Previous Challenge Entry (Level 4 – Masters)
Topic: HOT (08/10/17)
- TITLE: Absolution
By Ann Grover
My wimple is damp, and sweat trickles down my neck as I follow Sister Agnes to the henhouse, past the forlorn garden, which is nought but dried stalks and cracked earth. Even the weeds are parched.
The chicken carcasses are already putrid. We toss the bodies in the charnel pit, alongside others.
“We shall die,” Sister Agnes says wearily.
We should have wrung the chickens’ scrawny necks before they succumbed. I could have boiled their pitiful bones. Instead, for supper, I make biscuits, barely larger than communion wafers, from the last of the flour and the melted butter.
The abbess prays, then raises her eyes from the platter of miserable biscuits to glare at me.
“Sister Benilde, where is the soup?”
“There are neither vegetables nor chickens, Mother.”
“Were they stolen? Did you give them to the poor?” Her eyes pierce me. “Or have you eaten the provisions yourself?”
“No, Mother. The heat...”
“You blame God?
“No, Mother, but...”
“I shall expect soup tomorrow. You are excused.”
Face flaming, I leave the table.
The unrelenting warm weather is God’s judgment poured out upon us, the abbess says; someone in our midst is nurturing sin. Only when the sin is revealed and the offender repentant, will God end our suffering with cool breezes and restoring rains.
At confession, which the abbess has imposed upon us five times a day so that she may more fervently search for the hidden iniquity, I plead slothfulness. Sister Agnes confesses to dereliction of duties; Sister Mary Patrick accuses herself of dejection. Even docile, smiling Sister Beatrice is charged with immoderate levity.
In the small hours of the night, even at Matins, the heat does not abate. The darkness is a woolen blanket, suffocating us, our supplications as dust in our mouths.
The next morning, after completing my penance of washing the abbess’s underthings, I search the cellarium for a dried bean, a withered potato, a forgotten walnut. But there’s only cobwebs; the sacks and crocks were emptied days before. Desperate, I fill the kettle with well water, which is clouded and odorous, and at suppertime, ladle boiled water into each bowl. The abbess peers into her dish.
“What’s this, Sister Benilde?”
“You mock me?”
“It is what God provided.”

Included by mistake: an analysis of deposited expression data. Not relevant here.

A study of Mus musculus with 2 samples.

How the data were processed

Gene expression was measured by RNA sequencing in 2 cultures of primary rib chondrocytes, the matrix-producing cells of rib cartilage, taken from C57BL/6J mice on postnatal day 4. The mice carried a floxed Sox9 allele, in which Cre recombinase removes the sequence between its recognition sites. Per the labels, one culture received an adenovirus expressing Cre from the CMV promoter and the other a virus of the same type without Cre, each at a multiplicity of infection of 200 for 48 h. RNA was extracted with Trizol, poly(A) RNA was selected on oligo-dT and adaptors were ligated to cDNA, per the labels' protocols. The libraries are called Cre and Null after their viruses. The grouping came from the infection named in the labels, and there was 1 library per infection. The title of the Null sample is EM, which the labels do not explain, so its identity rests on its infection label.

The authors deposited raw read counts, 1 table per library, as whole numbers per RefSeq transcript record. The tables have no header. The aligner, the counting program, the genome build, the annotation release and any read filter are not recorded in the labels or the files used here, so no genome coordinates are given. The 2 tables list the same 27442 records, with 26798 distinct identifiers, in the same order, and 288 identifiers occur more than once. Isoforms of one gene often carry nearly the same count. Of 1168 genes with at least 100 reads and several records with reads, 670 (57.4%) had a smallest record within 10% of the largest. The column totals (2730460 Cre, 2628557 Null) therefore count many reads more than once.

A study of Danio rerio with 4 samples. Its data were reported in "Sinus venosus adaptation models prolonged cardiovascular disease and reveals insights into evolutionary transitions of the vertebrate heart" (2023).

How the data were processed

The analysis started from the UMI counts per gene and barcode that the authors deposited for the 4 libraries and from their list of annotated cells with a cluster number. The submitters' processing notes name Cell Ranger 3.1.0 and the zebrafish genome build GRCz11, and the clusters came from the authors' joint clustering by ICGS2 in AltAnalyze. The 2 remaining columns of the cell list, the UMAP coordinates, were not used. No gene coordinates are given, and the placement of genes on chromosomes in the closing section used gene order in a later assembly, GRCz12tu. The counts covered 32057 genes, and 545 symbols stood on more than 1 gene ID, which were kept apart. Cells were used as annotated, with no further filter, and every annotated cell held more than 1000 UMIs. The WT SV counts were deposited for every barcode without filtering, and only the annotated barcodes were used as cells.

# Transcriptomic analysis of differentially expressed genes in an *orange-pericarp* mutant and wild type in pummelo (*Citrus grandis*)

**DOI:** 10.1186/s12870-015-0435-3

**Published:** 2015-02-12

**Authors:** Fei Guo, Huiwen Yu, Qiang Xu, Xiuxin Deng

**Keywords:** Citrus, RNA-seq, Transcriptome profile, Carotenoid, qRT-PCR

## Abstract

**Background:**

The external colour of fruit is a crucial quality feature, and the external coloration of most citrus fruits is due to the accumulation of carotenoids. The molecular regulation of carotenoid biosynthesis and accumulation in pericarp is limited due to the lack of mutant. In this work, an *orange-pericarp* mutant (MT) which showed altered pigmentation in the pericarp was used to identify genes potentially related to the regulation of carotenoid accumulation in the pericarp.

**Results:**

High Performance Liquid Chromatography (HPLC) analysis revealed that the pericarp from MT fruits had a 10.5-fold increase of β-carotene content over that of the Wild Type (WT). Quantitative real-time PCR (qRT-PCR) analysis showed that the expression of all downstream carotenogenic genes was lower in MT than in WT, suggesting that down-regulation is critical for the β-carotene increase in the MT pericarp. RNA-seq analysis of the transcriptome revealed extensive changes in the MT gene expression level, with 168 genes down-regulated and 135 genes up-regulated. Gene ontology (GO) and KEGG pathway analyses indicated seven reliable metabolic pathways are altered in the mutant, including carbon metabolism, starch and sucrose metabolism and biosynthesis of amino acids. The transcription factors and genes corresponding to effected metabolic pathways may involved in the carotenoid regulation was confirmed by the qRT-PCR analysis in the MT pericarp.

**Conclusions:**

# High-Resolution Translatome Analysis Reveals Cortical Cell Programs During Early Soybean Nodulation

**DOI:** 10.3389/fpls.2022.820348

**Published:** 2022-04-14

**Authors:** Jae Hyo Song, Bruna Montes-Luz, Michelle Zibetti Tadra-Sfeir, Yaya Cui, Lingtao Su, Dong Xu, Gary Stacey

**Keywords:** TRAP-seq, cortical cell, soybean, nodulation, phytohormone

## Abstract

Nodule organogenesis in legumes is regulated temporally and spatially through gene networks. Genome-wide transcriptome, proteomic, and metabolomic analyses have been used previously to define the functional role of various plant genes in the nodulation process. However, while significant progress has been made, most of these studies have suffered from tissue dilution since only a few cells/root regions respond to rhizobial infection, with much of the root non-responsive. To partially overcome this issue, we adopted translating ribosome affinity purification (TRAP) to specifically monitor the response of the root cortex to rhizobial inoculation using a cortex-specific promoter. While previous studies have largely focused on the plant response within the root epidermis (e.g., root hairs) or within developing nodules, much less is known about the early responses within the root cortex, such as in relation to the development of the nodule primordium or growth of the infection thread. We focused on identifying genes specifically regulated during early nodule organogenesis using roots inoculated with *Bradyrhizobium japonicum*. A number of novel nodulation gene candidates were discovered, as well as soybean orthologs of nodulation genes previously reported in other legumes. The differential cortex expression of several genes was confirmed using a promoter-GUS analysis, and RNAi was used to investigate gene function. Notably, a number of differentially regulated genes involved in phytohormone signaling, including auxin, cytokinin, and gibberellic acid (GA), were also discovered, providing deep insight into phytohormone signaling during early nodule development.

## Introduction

“You mock God.”
I am dismissed again.
My penance is to sweep the cloister with a nearly bristle-less brush.
The next day, Sister Agnes finds a few grains of corn abandoned by the expired chickens, and I gather brittle leaves from the garden. It’s soup, of sorts.
I confess pride.
My penance is to stand in the sun at noontime. God’s own eye will scorch the iniquity from my wicked heart and so save us all, the abbess says.
At first, I am grateful for the respite from the futile search for food. But the rays intensify, and stinging sweat streams beneath my tunic. There’s no breeze, just searing air. I am lightheaded, faint. Crows with flames for wings alight on my shoulders.
A rumble, and I know it for thunder, not the pounding of my fear-smitten heart. A haze screens the sun, transforming it into a crimson orb, and I smell smoke. Somewhere, dry grass, a tree, a forest, has been ignited by the lightning. I gasp, inhaling the breath of Lucifer, fumes from Gehenna.
Then a zephyr, a whisper of freshness, caresses my cheek. A raindrop falls at my feet, a puff in the dust, then another. A roiling grey cloud billows across the scarlet sun, blinding the all-seeing eye, and a deluge descends, enough to extinguish the fire, enough to surge over the stones of the courtyard in a cleansing flood.
The sisters run out, hands uplifted in wonderment, faces upturned. And the abbess. The abbess tears off her wimple, her tunic, her freshly laundered underthings. She whirls in the downpour, her face turned heavenward, arms flung wide.
And the sight of her pale, spindly limbs flailing in the rain, and her shorn, streaming hair, provokes me to mercy, to love her, to forgive her, for without a doubt, a fierce and fiery madness had been kindled in us all.